Grandma’s Ginger Beer
03 Apr 2012
It’s important to remember and record near-forgotten skills, and pass on the precious inherited wisdom of previous generations. Hermione Winters, Garden convivium leader in Ireland shared with us a special recipe she learned from her grandmother as a child, and has since passed on to her own children.
“This recipe involves making a ginger beer ‘plant’ by fermenting ground ginger and sugar with yeast and water for about a week. The result is a delicious ginger beer, a sweet ginger-flavored carbonated drink that is very popular with children!
My grandmother taught me this as a child and I thought it was great fun and a tasty treat for the summer school holidays. I didn’t realize it at the time, but this recipe also taught me patience, how to nurture and how to share.
Recipe (makes 4.5 l)
1 cup (250 ml) water
5 1/3 tbsp (50 g) fresh yeast OR 2 tbsp (17 g) dried yeast (not the instant variety in sachets)
12 tsp (60 g) fresh ginger (peeled and crushed) or ground ginger
12 tsp (50 g) sugar
After 1 week:
juice of 2 lemons
2¼ cups (500 g) sugar
2 cups (500 ml) boiling water
cold water (around 16 cups / 4 l)
1 large jar
1 muslin or a tea-towel for straining
9 x 500ml empty, clean plastic bottles (or the equivalent totaling 4.5 l)
Make sure your work area and equipment are very clean as we are working with living organisms. Put the yeast in a large jar and add the cup of water, 2 tsp of the ginger and 2 tsp of the sugar. Stir well and leave overnight. It will froth up for a while and then flatten.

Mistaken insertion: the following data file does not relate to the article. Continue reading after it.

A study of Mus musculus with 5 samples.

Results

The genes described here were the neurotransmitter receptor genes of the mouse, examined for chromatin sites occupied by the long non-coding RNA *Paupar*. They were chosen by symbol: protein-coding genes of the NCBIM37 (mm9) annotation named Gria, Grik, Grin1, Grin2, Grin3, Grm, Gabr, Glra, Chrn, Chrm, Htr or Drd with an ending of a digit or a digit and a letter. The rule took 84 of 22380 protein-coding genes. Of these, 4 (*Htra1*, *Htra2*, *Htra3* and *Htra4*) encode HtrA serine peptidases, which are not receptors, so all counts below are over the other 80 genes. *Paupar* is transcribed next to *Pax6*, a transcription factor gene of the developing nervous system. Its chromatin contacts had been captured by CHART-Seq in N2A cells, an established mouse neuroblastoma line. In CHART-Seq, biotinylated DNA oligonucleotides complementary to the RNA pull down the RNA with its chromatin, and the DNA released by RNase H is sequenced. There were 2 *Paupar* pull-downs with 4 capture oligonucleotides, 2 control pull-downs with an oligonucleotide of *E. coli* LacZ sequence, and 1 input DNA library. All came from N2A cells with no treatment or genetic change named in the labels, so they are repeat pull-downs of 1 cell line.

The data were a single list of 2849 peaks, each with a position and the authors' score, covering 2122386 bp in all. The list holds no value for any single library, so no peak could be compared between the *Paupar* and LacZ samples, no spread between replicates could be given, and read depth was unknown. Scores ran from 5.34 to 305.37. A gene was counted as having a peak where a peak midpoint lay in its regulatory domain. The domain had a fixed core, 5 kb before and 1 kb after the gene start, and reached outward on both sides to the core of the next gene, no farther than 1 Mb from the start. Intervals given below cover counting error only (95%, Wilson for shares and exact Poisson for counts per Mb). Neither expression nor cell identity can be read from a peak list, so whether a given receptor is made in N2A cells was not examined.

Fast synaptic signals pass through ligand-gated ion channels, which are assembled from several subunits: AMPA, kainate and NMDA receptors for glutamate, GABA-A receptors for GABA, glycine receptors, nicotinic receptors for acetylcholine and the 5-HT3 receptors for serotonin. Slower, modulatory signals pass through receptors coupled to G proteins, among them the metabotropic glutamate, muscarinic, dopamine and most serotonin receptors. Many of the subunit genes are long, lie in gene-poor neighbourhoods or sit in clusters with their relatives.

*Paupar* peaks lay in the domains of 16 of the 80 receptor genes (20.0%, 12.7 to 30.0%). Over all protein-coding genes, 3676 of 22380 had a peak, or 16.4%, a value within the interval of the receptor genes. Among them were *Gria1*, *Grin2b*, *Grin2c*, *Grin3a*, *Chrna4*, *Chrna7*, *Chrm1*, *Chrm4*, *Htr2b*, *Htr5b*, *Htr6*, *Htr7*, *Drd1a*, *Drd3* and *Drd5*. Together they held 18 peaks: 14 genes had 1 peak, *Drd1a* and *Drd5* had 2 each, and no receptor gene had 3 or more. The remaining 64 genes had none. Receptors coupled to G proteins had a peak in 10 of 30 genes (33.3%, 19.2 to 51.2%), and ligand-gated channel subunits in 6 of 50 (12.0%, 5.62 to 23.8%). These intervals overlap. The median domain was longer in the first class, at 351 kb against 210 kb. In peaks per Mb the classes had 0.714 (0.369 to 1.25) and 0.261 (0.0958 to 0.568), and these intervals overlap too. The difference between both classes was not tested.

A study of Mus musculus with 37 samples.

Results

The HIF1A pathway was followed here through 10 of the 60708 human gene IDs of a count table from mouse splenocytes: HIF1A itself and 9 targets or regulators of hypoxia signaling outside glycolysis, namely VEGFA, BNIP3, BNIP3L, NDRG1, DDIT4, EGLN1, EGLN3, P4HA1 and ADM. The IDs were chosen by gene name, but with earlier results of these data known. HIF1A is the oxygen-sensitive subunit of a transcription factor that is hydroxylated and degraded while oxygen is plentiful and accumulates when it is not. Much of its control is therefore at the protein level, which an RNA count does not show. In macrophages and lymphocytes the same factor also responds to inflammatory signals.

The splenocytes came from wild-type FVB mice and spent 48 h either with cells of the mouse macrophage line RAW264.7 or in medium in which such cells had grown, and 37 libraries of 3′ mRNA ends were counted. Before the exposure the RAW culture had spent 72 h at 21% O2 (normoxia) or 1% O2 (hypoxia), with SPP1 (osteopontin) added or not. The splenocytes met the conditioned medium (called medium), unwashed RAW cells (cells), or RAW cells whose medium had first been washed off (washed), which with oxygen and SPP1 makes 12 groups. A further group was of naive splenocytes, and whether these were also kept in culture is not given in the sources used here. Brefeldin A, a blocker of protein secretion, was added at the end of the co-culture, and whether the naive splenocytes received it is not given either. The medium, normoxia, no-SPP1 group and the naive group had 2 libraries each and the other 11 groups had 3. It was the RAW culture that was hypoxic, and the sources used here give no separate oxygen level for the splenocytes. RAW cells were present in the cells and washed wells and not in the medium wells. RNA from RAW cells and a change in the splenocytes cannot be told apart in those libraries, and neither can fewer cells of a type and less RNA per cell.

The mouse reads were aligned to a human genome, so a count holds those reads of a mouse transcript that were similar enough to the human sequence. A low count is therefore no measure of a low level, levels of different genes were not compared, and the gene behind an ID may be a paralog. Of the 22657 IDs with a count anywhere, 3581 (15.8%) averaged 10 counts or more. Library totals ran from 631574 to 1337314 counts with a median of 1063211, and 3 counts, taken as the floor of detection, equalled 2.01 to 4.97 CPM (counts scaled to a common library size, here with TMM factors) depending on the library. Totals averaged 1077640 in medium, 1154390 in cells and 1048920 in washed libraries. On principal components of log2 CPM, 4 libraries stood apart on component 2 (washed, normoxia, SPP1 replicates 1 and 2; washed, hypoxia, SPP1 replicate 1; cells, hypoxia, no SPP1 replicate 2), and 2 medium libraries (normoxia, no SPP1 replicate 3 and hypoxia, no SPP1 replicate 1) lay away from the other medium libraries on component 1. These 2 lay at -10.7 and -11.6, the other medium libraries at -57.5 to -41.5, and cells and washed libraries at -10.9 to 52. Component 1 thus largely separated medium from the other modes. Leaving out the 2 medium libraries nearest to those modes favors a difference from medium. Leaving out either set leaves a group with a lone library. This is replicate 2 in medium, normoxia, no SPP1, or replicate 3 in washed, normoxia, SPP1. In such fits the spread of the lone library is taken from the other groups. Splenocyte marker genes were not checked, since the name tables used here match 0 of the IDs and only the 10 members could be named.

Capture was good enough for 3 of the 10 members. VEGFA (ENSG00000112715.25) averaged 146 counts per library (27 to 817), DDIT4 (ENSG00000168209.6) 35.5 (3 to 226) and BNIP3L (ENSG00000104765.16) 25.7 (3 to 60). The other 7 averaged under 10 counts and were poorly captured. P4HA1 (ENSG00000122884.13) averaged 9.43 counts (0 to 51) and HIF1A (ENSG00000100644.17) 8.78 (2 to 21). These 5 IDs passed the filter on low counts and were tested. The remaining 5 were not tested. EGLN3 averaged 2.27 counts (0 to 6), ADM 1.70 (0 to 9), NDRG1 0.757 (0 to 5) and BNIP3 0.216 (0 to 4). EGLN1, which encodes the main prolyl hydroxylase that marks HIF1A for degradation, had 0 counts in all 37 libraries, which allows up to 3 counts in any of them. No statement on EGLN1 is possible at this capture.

Every day for the next 10 days add 1 teaspoon of ground ginger and 1 teaspoon of sugar. No need to stir. The liquid will froth up each time and then flatten. You will see your ‘plant’ growing each day.
Strain the liquid through a piece of muslin or a tea towel into a very large bowl or jug, reserving the sediment to use later. Add the lemon juice, 500g of the sugar and the boiling water to the liquid. Stir until the sugar has dissolved. Add cold water to make up to 4.5 liters.
Put the ginger beer into the plastic bottles, leaving about a 5cm gap from the top. Leave open for 2 hours then screw on the caps. Store in a cool place, standing on wood rather than stone, for 7 to 10 days before drinking. You can chill it in the fridge to stop any further fermentation once you are happy with the level of fizz and sweetness.
Here’s the fun bit. Divide the left over sediment in two and put into two separate jars with 250ml of water. Start again from “Feed It”. You now have two ginger beer plants instead of one! So now you have to decide whether to double your quantities or give one to a friend!”
Hermione Winters is Convivium Leader of the Garden Convivium.